Fitch Doubles US Student-Debt Downgrade Estimate
World Economy

Fitch Doubles US Student-Debt Downgrade Estimate

The US bond market’s student-debt headache just got bigger–almost twice as big, in fact, at least for investors who relied on an initial estimate from Fitch Ratings.
The credit-ratings company warned last week that $37.5 billion of securities tied to loans made under the Federal Family Education Loan Program face downgrades due to slow repayments that could push the bonds into technical default. There’s only one problem: the number was wrong, Bloomberg reported.
In a corrected estimate, Fitch now says the value of bonds on review for downgrade is actually $71.2 billion, according to a release from spokeswoman Hannah James.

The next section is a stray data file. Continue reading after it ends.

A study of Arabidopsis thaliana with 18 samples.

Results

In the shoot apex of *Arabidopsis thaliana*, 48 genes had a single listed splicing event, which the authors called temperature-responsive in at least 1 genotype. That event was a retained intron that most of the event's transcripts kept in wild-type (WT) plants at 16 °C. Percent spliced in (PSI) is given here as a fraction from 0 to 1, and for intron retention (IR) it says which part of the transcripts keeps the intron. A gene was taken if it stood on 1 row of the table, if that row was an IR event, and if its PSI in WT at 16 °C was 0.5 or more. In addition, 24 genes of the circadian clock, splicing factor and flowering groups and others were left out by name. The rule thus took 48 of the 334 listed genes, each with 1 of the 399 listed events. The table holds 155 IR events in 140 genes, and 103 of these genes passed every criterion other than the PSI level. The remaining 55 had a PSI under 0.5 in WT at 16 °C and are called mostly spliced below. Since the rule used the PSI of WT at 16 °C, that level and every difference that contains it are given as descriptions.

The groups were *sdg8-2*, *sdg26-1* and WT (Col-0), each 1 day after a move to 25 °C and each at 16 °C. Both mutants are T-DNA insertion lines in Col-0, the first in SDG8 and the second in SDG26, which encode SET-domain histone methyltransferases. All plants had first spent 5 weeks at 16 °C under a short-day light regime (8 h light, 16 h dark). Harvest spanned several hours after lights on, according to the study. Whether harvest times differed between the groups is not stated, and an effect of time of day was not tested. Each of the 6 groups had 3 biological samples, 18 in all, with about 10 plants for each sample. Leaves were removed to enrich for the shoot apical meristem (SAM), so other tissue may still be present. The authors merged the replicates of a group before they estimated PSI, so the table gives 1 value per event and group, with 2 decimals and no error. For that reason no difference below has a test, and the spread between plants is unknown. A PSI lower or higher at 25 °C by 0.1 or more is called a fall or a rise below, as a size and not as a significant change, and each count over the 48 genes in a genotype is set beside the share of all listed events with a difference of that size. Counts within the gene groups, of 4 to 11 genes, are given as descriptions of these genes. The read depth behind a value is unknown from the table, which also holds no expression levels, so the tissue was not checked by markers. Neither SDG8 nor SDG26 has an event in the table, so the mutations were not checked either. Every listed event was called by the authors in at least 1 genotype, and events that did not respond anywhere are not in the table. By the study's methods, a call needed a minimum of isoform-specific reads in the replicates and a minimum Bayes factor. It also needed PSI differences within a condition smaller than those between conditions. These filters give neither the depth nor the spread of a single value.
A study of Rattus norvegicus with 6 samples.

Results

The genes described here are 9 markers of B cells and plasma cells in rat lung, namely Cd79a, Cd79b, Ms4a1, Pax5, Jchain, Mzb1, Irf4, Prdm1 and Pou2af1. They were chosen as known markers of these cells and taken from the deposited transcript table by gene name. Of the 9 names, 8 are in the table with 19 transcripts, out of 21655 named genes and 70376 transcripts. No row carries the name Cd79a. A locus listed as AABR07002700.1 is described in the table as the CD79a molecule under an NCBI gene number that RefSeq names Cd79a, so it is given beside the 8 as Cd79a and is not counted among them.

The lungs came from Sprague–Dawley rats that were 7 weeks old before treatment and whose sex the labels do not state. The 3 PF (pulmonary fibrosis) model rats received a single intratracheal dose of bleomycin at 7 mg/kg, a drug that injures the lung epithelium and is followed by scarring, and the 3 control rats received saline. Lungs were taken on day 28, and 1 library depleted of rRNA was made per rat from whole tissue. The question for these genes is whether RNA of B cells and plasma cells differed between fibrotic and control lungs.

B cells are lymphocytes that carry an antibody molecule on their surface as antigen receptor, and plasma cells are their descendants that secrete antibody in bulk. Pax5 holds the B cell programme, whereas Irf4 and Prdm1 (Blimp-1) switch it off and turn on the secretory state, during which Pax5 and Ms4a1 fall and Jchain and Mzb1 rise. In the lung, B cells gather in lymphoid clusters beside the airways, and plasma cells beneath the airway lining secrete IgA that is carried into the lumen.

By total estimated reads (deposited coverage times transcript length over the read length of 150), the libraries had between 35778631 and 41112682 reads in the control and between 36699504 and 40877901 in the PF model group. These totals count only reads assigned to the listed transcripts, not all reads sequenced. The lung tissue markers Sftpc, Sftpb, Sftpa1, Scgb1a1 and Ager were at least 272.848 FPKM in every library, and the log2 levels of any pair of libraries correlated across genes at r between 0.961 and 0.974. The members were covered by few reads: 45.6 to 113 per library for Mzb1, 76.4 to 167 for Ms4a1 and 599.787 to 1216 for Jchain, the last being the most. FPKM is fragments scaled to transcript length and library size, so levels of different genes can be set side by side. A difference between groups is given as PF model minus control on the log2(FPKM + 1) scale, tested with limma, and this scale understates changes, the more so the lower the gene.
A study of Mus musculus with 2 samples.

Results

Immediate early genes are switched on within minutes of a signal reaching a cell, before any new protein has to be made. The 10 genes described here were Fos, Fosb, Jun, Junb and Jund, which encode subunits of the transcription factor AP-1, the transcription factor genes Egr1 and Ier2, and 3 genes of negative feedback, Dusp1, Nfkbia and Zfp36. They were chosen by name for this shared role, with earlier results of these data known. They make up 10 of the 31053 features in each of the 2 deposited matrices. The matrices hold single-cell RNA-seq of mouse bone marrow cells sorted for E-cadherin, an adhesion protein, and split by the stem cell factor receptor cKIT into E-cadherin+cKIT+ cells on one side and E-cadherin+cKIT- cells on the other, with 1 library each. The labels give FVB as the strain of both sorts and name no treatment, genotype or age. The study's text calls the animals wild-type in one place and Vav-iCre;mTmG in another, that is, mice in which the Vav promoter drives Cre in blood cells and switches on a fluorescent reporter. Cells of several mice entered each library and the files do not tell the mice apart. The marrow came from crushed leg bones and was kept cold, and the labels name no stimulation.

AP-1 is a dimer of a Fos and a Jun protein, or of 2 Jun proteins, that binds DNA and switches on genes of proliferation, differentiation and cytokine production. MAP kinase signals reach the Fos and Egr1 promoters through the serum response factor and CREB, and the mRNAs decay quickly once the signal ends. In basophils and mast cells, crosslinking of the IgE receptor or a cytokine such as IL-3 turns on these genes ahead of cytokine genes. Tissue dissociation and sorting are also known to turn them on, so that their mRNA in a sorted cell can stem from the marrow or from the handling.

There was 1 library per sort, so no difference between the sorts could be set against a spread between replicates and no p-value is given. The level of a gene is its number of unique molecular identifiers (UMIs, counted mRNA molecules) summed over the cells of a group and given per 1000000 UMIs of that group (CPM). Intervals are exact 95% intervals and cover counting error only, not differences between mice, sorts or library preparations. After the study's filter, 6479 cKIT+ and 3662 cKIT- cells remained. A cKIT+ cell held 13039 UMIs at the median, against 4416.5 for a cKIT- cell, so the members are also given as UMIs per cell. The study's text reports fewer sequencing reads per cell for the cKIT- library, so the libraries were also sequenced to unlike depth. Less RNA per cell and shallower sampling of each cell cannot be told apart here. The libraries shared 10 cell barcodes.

“The original announcement misstated the number, there was no impact on the ratings,” James said.
The new estimate represents over 40% of the entire universe for bonds outstanding tied to government-backed FFELP student loans, and approximately 46% of those that Fitch grades, said John McElravey, Wells Fargo & Co.’s head asset-backed bond researcher.
The initial number “did seem low,” McElravey said in an e-mail Wednesday, adding that his clients had questioned the early tally.
Investors have scrambled this year as Fitch and Moody’s Investors Service warned that slow borrower repayments may force them to cut ratings on some bonds from AAA to below investment grade because of the risk that maturities will be breached. Estimates of the size of the problem have grown since the warnings.
Deutsche Bank AG, relying on a set of new ratings criteria proposed by Fitch, calculated last month the problem was probably in the range of $60 billion. They acknowledged the scope could grow “substantially,” based on the bond graders.
Market participants have until Dec. 31 to comment on Fitch’s proposed ratings criteria.